Badminton: Better mindset the key for Kieran Merrilees
Kieran Merrilees believes he must improve his mindset if he is to become a better player and progress at badminton's Scottish Open Grand Prix.
The Glaswegian beat England's Sam Phillips 22-20 21-14 in the second round at the Emirates Arena in his home city but feels he has more to offer.
"At the start I was a bit slow but once I got going I was OK," said the 24-year-old.
"I think a lot of it, in my head, was trying to get used to this arena."
Merrilees beat countryman Steven Stewart 24-22 21-10 in the first round and, though he never looked in danger of losing to Phillips, his body language on court betrayed his mixed feelings about his display.
He told BBC Scotland: "It wasn't a great performance but it was enough to get through.
"I know the guy I was playing quite well so sometimes it's hard to play against someone you are quite friendly with.
"My next game is going to be really tough so that's when it starts to get serious."
Merrilees now plays 25-year-old Malaysian Kwong Beng Chan, who beat Ireland's Scott Evans 28-26 21-19 in their second round match on Thursday.
"I'll definitely have to bring a higher level against this opponent than I have in my first two games," he added.
"Something I have to improve on if I want to get better is approaching the game in a different manner, go in a bit more aggressive. I'll need to do that in my next game.
"I'm quite used to these scenarios, which keeps my coaches pretty frustrated, but hopefully I'll be OK in my next game."
After a frustrating period with injuries, Merrilees, ranked 75th in the world - the highest-placed Scot - is happy that he is moving freely now.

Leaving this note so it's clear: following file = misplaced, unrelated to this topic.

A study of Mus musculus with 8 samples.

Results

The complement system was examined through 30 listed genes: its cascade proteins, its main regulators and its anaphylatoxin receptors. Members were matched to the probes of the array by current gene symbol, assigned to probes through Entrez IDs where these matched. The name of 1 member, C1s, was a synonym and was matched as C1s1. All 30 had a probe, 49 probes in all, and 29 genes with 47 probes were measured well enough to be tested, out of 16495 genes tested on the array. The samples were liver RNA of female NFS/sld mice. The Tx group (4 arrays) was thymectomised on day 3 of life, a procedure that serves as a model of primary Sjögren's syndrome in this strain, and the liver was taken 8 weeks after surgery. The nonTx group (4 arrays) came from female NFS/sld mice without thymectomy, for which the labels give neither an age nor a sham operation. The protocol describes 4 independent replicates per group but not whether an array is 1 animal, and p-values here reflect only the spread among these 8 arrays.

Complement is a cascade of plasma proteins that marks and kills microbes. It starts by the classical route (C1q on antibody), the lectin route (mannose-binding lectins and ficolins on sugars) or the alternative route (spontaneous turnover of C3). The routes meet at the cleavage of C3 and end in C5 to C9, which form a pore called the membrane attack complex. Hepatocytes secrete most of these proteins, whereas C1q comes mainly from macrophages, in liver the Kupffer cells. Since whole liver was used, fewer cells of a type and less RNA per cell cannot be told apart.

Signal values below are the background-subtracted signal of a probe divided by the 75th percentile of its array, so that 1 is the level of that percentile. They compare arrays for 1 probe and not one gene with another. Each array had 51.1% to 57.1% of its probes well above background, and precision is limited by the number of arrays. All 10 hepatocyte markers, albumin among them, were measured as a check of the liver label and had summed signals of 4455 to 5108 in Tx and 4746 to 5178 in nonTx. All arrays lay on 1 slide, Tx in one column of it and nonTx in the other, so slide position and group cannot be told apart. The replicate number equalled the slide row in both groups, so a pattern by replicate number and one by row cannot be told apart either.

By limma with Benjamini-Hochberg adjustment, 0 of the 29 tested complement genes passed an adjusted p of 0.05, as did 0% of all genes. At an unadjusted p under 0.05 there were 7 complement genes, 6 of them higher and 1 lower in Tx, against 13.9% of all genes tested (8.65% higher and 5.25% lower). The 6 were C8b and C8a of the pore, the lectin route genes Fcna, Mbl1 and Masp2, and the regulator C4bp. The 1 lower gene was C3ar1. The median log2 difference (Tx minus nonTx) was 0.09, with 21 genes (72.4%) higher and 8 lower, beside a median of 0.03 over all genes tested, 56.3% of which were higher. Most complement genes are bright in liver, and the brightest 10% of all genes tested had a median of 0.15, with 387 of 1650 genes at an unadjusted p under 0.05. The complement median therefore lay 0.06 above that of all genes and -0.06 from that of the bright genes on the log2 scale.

"I feel like I've got to make up for lost time. Three years ago I was the same sort of ranking as I am now," he said.
"I'm conscious that, because I missed so many tournaments and so much training time, I'm sort of playing catch-up and hope to stay injury free."
The Emirates will host the badminton competition at the Commonwealth Games next year and Merrilees, who represented Scotland at the Delhi Games, views the Scottish Open Grand Prix as ideal preparation.
He said: "Some of the tournaments I play in, the halls are a lot smaller so it is really good experience for players at my standard to get used to playing these big arenas.
"It's good to get used to this hall. The venue is brilliant so I can't complain.
"The crowd backing can make such a difference to your performance. Four years ago in Delhi I was there just for experience whereas now I can try to get a medal.
"I'm trying to get myself into a position where I'm seeded for the Commonwealths and I can hopefully get myself into the quarter-finals, and who knows what can happen then in a big event."